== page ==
Mt. Lapin Lisä

Last weekend I skied up to Mt. Noname, which I'm now going to call Mt. Lapin Lisä (I'll explain it later). The peak on the other side of the fiord was over 1100 m from sealevel which is where I started because I wanted to see if I could suffer through it. There was an easier way.

I spotted a pretty hot-looking coulouir from the top and took a chance skiing down it. I didn't really know whether it was going to be a dead end or not. Well, it kind of was (ice falls) but still the skiing was brilliant. It took me over 20 km and nearly seven hours to complete this trip. I didn't have enough water, my skins broke, and I ran out of time and granola bars. In other words, a hell of a day.


Skiing on Mt. Duval

Yet again a good telemark skiing trip up the side of Mt. Duval and then down on hard-packed slopes. For us it was good but for somebody used to skiing in B.C. would probably have described it as "you call this a snowpack?" We were skiing over rocky patches at times, and overall the snow was like concrete. Well, we never skied in B.C. so that's not a concern for us.

That's skiing in Baffin for ya: two powder days a year, if we are lucky. As a skier you need to be a jack of all trades: you have to master hard snow, soft snow, crud, complete-shit-snow, something that's a mixture of all of the previous, and you have to have a keen eye for polar bears. The ability to hang back in order to avoid those nasty slams when you hit that only soft spot on the slope is an asset.

It's all good, though. The great thing is that you can put your skis on at your porch and just go.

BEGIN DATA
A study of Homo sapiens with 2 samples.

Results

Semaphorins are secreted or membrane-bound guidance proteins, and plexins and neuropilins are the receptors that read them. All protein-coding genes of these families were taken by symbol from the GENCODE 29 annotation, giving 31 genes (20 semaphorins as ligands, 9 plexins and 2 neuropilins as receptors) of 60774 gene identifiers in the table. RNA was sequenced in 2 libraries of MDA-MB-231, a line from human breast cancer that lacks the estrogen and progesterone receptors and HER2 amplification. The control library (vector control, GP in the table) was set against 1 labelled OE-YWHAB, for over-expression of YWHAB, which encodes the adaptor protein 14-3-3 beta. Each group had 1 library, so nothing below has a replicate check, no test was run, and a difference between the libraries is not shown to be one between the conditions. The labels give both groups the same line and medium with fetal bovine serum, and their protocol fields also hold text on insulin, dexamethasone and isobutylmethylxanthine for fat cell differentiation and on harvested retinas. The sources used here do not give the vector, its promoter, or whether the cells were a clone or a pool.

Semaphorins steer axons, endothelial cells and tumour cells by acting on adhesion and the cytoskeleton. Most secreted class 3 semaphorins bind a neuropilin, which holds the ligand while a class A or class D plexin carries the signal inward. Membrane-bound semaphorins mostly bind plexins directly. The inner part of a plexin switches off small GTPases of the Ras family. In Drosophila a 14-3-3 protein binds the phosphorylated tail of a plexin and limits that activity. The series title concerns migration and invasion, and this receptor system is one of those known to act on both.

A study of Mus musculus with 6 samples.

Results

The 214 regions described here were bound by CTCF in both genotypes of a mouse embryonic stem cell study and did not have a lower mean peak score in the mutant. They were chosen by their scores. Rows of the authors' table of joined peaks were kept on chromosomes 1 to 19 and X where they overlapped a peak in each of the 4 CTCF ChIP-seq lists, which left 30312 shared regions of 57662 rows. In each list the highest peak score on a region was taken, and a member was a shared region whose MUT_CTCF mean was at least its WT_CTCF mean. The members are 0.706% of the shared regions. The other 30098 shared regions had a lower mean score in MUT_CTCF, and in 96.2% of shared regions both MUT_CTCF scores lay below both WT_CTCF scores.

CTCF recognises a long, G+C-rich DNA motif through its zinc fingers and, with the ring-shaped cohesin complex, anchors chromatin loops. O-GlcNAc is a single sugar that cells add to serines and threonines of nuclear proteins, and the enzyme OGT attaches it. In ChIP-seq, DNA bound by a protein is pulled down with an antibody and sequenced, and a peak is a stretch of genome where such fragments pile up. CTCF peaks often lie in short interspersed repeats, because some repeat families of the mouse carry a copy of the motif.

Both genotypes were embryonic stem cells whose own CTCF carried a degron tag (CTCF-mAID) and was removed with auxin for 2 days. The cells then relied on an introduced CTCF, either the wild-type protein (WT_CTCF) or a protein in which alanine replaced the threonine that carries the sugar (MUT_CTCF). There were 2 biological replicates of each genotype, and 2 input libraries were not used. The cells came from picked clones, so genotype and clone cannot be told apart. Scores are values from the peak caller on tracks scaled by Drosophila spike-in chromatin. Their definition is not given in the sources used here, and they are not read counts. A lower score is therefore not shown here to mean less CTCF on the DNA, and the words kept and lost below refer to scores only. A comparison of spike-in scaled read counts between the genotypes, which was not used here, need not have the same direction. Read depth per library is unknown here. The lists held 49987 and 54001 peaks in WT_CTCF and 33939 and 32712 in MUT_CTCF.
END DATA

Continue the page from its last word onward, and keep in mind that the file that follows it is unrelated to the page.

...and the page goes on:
Thousand and one ways to fall

Delia isn't usually prone to brainless ideas but today she definitely got one. And a really good one, too. We were to lure Stephanie with us, skidoo across the fiord, ascend with skis a mountain that is covered in exposed rocks and ridiculously steep sections, then ski down. And she hadn't even mastered the telemark turn yet.

Wait a second. This is awesome, I thought. At least in the big scheme of things. We should all try to be impulsive like that. Live a little. Get a little crazy sometimes. Sometimes it must be not fun to be fun.

This one might require helmets.

She wasn't even planning on taking ascension skins with her. Luckily I managed to convince her otherwise after downing my morning coffee.

As we left the skidoo that we had parked on the edge of the fiord, Stephanie was with us, keen as usual. We started ascending the mountain steadily in strong sidewinds. We were expecting it to get stronger, but suddenly the sun appeared from behind the clouds that had been hanging around all morning and the wind completely died.

What a great start.

It took us 2.5 hours to reach our target peak about 650 m higher up. Going was slow at times due to soft snow and navigation in the rocks. There was also a place where Delia could foresee a potential slab avalanche, and we toured around. Normally we ascend around 300 meters of elevation in an hour but this time a little less.

To our big satisfaction, there was absolutely no wind at the top. The sun was brilliant and bright. Everything was perfect.

As much as going up was fun, going down was tedious. The snow unpredictable, crusty and difficult. Rocks were all over, both visible and invisible. It was difficult. We kept falling like drunkards returning from the bar. Delia probably had the record on falls and she displayed an impressively large number of variations on the way down, showing no lack of imagination!

Definitely not the slope where you want to be skiing down on. We all agreed that on this hill, skiing up was more fun than skiing down. That's a first for me.

All in all, it was a fantastic five-hour trip! Let's see what Crazy comes up with next time.